Flipping the Paper: Making art for her community helps Kubra Alhilali build a new life in Cleveland

Works of Kubra Alhilali feature Arabic calligraphy bearing messages of hope and love.


Artist Kubra Alhilali became a US citizen in 2017. She is happy to be living in Parma with her family, and sees an artist residency as a way to give back to the community that welcomed her.

The residency is hosted by the social service organization Building Hope in the City, as part of the Cleveland Foundation’s Creative Fusion program. It has been delayed more than a year by the COVID crisis. As part of the residency, Kubra will have studio space at the US Committee for Refugees and Immigrants (USCRI), near Thomas Jefferson International Newcomers Academy. She’ll also paint a mural on the east-facing wall of a building that houses City Wide Carpet & Flooring, on Clark Avenue at West 56th Street. At press time, an image proposed for the mural was in the final approval stages. She expects to be able to start painting in May or June. And in the fall, she’ll make art with students at Clark Elementary School, directly across the street from the mural. With her sister Ala’s help as an interpreter, Kubra spoke about the journey and her art in the offices of Building Hope in the City.

Kubra is from Iraq, and like many immigrants and refugees, she and her family have seen both the best and the worst that the world has to offer. Her family’s journey to Cleveland began in 1995, when her father wrote a poem about Saddam Hussein, which the Iraqi president did not like. There was no freedom of speech under the oppressive government, she says. The two-page poem, in Kubra’s words, caused Hussein’s government to want to kill her father. So he fled to Jordan, leaving behind family, a clothing manufacturing company, and a circle of artistic friends. In 2003, during the war with the US, before Kubra, two sisters, and their mother were able to follow. They bought fake passports. Kubra’s said she was a boy. They lived in Jordan as refugees for ten years.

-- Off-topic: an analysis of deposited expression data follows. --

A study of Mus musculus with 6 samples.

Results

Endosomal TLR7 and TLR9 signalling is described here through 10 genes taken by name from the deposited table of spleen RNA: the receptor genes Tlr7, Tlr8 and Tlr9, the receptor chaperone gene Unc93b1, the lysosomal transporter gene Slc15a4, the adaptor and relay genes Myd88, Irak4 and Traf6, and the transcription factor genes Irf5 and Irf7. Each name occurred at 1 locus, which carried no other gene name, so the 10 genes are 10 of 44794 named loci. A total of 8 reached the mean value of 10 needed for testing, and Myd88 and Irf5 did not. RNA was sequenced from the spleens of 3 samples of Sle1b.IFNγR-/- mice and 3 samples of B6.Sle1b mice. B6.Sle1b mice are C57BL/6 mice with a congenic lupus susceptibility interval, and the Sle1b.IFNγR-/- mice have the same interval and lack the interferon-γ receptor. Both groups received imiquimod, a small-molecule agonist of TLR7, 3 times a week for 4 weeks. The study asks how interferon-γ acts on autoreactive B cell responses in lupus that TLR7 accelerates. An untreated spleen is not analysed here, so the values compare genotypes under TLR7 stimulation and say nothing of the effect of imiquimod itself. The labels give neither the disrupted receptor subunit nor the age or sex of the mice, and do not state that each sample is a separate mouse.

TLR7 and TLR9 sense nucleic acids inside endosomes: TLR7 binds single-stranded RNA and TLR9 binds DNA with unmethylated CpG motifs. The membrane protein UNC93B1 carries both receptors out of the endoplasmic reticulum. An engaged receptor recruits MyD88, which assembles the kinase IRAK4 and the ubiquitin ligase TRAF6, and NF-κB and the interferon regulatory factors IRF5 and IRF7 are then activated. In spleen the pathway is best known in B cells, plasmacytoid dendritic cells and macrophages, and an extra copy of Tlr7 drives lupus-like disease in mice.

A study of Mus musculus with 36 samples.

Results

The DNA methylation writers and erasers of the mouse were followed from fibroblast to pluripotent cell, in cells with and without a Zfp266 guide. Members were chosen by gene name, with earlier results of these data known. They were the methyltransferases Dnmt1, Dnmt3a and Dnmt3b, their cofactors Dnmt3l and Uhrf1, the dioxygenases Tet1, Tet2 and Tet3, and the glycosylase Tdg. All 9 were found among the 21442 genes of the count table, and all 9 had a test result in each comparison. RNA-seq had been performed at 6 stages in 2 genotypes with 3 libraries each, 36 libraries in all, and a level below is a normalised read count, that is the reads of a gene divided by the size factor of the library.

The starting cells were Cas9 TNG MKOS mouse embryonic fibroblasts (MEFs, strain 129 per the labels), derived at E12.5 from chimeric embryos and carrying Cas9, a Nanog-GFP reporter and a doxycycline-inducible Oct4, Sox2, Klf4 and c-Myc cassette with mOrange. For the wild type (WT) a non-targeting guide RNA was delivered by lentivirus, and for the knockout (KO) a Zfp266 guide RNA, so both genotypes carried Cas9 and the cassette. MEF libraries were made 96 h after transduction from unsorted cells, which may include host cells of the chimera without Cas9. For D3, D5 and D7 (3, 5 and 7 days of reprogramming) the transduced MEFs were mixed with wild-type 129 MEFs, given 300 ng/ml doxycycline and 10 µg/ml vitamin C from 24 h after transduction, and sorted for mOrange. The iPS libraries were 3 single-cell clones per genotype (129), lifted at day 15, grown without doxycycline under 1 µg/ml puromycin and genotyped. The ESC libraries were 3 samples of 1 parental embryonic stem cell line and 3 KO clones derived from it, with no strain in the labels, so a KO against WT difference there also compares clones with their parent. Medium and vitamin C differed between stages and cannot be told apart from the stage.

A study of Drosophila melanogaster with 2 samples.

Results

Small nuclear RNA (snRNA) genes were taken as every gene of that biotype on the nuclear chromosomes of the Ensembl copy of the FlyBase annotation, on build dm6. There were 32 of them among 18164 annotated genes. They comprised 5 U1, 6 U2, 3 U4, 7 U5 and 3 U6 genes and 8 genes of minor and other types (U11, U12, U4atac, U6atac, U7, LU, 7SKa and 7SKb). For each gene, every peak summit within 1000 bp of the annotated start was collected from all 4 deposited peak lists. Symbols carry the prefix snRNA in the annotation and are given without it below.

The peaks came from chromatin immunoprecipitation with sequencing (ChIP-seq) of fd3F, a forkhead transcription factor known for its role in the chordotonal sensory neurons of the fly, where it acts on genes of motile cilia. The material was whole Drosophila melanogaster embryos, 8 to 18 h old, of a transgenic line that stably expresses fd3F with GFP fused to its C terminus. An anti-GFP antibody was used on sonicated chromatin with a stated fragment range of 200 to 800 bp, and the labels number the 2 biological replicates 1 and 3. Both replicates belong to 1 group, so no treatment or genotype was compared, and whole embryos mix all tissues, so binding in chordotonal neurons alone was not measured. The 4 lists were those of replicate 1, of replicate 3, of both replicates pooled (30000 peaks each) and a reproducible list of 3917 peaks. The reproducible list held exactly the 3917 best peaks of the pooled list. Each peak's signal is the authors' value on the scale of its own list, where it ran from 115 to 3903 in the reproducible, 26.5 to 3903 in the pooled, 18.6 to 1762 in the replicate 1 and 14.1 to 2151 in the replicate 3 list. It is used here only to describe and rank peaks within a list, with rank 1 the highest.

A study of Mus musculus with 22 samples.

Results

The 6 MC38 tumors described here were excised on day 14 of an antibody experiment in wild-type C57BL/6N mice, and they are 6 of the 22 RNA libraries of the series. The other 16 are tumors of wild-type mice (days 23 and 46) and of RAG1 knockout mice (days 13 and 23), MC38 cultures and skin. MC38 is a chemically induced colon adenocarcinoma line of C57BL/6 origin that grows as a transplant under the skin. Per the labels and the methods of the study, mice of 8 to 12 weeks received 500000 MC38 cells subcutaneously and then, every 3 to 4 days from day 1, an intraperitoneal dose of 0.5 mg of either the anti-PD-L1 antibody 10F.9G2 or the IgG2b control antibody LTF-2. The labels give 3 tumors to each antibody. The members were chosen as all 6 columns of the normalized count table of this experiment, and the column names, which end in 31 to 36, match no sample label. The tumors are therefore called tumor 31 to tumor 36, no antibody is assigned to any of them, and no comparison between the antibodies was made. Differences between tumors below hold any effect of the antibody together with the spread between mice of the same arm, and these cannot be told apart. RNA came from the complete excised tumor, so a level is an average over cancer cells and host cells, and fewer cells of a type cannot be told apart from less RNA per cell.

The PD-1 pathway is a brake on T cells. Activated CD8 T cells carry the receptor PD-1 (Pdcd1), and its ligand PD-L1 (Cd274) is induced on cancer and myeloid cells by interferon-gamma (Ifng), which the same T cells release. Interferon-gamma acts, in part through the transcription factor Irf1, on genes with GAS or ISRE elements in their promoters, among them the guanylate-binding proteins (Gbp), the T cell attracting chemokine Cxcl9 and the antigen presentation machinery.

“Life was hard. We did not have green card or anything to [enable us to] go to school normally. Every few months we had to go back to Iraq to renew [our] visa.”

She remembers the trip back and forth taking between twelve and eighteen hours. The Sunnis and the Shia were fighting. As they drove through cities, they would see corpses, and severed heads of Shia people along the road. At one point Kubra went back to Iraq and stayed two years with her grandparents. She enrolled in an art school there, and one day someone set off a car bomb at the school. “I was inside the building,” she says. “It was two miles from the family house, and my uncle went walking without shoes to check on me.” She felt the vibration, but was not hurt. She says places where art is made were often bombed, because art is “haram”—forbidden by Islamic law.

Eventually Kubra was able to return to Jordan, tricking the guards by posing as a member of a gymnastic group. In Jordan, her family was beginning to rebuild a life. Her father started a small, “under the table” sewing company to make some money. She continued making art.

“I just started to paint things for my country. Always I started with a house. In Iraq we would go to my grandparents’ house. In Jordan we rented: we never had a house. So when I paint, I paint a house. And I would paint things about the war.”

In 2013, the family applied for refugee status through the International Organization for Migration and was able to come to the US. In Cleveland, an organization called Us Together helped them find a place to live. Again, Kubra resumed making art.

In 2015 she had an exhibit at Negative Space Gallery. “I made this show about the war, about kids affected with the chemicals, or who have disabilities, or kids who were affected emotionally. People didn’t like it. The things inside me are not easy to see, not easy for people to take in. It is so sad. It was important for me to show this, but people don’t want to see it.”

So she decided to make art with a different message. “I try to flip the paper,” she says, meaning to turn the page.

She first connected with Building Hope in the City in 2017, studying English and preparing for the naturalization test. Anthony Giambroni, who is manager of community development there, says when the organization was considering being a Creative Fusion host, they immediately thought of it as an opportunity to elevate Kubra as an artist.

She works in a variety of media, from pencil and paper to paint on wood or canvas, scanning images and using a computer if the situation calls for it. She continues to incorporate symbolism. She often integrates Arabic calligraphy—a representation of her culture—with messages of hope and love.

“It is important for me as a refugee artist to do something nice in the city, to show that I am starting new life, to show that we come with peace, with love, with new life. The Hope Center has helped me a lot, so I want to do something for them and for the city.”